Employment law in New Jersey is always undergoing changes as precedent setting cases are finalized. It is very important for employers and employees alike to be well aware of all applicable laws. Tayeb Hyderally, an expert at employment law NJ, makes it a priority to help keep business personnel aware of changes in employment law. This is a key way to protect both employees and employers. One of the most controversial decisions in the world of employment law was Ledbetter v. Goodyear Tire & Rubber Co., Inc. It is a primary example of how lack of knowledge can end up costing in the end.
Ms. Ledbetter was employed by Goodyear in Gadsden, Alabama where she worked in a supervisory capacity. When she first began her employment, her wages were at the same rate as male workers with the same responsibilities. However, after 20 years of service, there was a great disparity between her wages and male colleagues. Ms. Ledbetter came to the understanding that she made around $15,000 less each year. By this time she was making substantially less than new hires. When she became aware of the unfair wages she filed a claim with the Equal Employment Opportunity Commission. The jury awarded Ms. Ledbetter $3.5 million for damages. However, the district judge reduced this amount to $360,000.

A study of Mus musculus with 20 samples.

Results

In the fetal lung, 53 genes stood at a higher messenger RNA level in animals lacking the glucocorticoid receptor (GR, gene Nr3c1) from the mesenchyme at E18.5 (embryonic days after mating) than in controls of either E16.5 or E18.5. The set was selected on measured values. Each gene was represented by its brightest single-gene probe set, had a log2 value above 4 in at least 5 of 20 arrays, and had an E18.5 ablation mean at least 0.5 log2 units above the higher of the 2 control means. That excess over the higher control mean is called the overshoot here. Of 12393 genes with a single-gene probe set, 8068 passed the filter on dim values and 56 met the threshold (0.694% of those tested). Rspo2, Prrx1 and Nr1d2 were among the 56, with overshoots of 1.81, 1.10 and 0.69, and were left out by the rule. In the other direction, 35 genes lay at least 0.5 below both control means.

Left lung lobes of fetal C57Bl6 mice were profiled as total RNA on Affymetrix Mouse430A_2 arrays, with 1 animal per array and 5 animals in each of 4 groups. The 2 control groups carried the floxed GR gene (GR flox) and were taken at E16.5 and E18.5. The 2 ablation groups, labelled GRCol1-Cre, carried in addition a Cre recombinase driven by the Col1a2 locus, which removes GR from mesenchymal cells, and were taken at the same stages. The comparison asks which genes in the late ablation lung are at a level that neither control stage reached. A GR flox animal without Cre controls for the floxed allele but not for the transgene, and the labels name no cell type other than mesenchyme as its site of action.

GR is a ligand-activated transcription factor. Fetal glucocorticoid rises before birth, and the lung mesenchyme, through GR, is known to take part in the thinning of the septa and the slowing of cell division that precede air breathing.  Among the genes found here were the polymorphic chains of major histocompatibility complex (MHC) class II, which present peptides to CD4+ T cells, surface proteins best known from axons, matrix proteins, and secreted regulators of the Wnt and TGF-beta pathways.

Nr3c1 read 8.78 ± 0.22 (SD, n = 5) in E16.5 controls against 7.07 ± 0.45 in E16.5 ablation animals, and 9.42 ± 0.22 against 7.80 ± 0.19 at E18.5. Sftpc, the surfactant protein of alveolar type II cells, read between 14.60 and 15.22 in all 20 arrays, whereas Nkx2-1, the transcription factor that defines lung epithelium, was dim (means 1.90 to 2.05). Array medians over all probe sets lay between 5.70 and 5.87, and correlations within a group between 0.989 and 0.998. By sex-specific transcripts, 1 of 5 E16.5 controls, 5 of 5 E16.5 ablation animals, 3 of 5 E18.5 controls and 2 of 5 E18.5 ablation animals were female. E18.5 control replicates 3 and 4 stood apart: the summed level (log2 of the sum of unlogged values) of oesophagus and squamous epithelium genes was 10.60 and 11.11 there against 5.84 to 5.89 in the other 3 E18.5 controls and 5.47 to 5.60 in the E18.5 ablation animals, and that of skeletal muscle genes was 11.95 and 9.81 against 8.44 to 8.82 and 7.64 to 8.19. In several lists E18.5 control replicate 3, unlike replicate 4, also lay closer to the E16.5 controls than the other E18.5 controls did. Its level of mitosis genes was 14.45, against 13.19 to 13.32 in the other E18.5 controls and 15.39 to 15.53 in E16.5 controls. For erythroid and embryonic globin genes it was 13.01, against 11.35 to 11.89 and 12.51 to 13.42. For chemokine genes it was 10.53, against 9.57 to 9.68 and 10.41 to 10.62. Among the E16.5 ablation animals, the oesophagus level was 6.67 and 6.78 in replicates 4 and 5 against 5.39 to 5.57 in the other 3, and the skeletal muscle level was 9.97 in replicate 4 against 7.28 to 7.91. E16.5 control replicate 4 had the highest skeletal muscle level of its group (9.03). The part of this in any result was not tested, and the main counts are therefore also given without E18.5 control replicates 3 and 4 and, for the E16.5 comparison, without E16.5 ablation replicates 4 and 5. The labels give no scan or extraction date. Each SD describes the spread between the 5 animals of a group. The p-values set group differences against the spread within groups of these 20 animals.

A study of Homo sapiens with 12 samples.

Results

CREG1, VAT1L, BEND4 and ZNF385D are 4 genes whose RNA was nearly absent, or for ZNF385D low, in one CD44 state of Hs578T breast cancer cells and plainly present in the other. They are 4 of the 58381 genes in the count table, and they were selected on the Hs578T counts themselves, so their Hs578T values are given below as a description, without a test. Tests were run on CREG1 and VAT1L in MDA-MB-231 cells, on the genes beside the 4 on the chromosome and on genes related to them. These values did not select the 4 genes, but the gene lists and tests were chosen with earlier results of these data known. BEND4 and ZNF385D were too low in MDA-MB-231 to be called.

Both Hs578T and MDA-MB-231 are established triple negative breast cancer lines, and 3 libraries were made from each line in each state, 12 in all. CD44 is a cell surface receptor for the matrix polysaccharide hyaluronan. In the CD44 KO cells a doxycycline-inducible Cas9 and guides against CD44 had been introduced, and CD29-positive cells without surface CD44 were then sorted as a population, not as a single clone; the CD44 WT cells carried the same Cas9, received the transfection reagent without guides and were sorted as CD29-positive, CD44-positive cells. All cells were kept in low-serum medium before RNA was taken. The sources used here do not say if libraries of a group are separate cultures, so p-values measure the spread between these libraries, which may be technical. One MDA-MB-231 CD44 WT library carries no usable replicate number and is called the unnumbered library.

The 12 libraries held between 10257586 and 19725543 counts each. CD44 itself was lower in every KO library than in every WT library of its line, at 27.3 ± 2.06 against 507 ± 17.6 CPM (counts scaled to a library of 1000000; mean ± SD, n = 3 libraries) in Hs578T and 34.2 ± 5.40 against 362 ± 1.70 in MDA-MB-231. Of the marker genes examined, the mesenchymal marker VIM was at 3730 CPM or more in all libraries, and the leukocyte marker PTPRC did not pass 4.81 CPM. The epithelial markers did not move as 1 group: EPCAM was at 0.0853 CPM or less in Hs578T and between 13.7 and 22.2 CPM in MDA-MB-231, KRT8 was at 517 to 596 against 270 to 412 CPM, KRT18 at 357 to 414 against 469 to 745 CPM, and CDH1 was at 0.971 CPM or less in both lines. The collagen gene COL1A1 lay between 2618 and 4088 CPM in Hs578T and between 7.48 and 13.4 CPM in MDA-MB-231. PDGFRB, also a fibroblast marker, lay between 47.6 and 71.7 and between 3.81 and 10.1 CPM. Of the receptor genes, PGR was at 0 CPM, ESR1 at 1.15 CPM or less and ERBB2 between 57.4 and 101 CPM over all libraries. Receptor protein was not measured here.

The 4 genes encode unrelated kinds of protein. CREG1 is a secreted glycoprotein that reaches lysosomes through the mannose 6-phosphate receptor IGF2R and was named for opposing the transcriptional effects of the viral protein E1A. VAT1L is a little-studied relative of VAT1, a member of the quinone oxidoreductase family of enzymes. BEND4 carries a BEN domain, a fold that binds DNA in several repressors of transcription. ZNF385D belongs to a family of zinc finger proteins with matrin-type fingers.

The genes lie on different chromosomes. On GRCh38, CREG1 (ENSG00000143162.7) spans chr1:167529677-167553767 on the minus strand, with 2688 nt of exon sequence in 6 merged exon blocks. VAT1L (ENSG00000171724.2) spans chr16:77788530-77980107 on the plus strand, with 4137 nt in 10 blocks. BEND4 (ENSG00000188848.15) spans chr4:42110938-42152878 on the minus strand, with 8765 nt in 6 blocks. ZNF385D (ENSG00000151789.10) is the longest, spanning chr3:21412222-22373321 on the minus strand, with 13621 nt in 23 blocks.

Although the disparity in pay had occurred over a 20 year period, there were limitations that she was not aware of which caused her problems within her case. Title VII clearly states that all complaints must be filed within a 180 day window from the time the discriminatory act occurs. Goodyear appealed the initial decision and noted that the jury was not allowed to consider the wage discrepancies that occurred before the 180 days prior to filing her complaint. This meant that even though discriminatory practices did indeed occur over a period of time that spanned almost 20 years, it could not be considered since she had failed to file a complaint after each occurrence. The U. S. Court of Appeals for the Eleventh Circuit agreed with Goodyear’s reasoning. Therefore they could not take into consideration the fact that she was unaware of the disparity for that period of time.
According to Title VII’s 180 day limitations, each time there is a discriminatory action on the part of an employer, a separate EEOC charge must be filed. The purpose of this short deadline for filing with the EEOC is meant to offer a prompt resolution for discrimination by employers. Its intent was to make sure that discriminatory actions could be quickly resolved and penalized to prevent further occurrences. The jury could not take into consideration that Ms. Ledbetter had no knowledge of the wage discrepancies until the time at which she filed her complaint.
Ledbetter v. Goodyear is a prime example of how important it is for employees to be fully aware of their rights and responsibilities concerning employment law.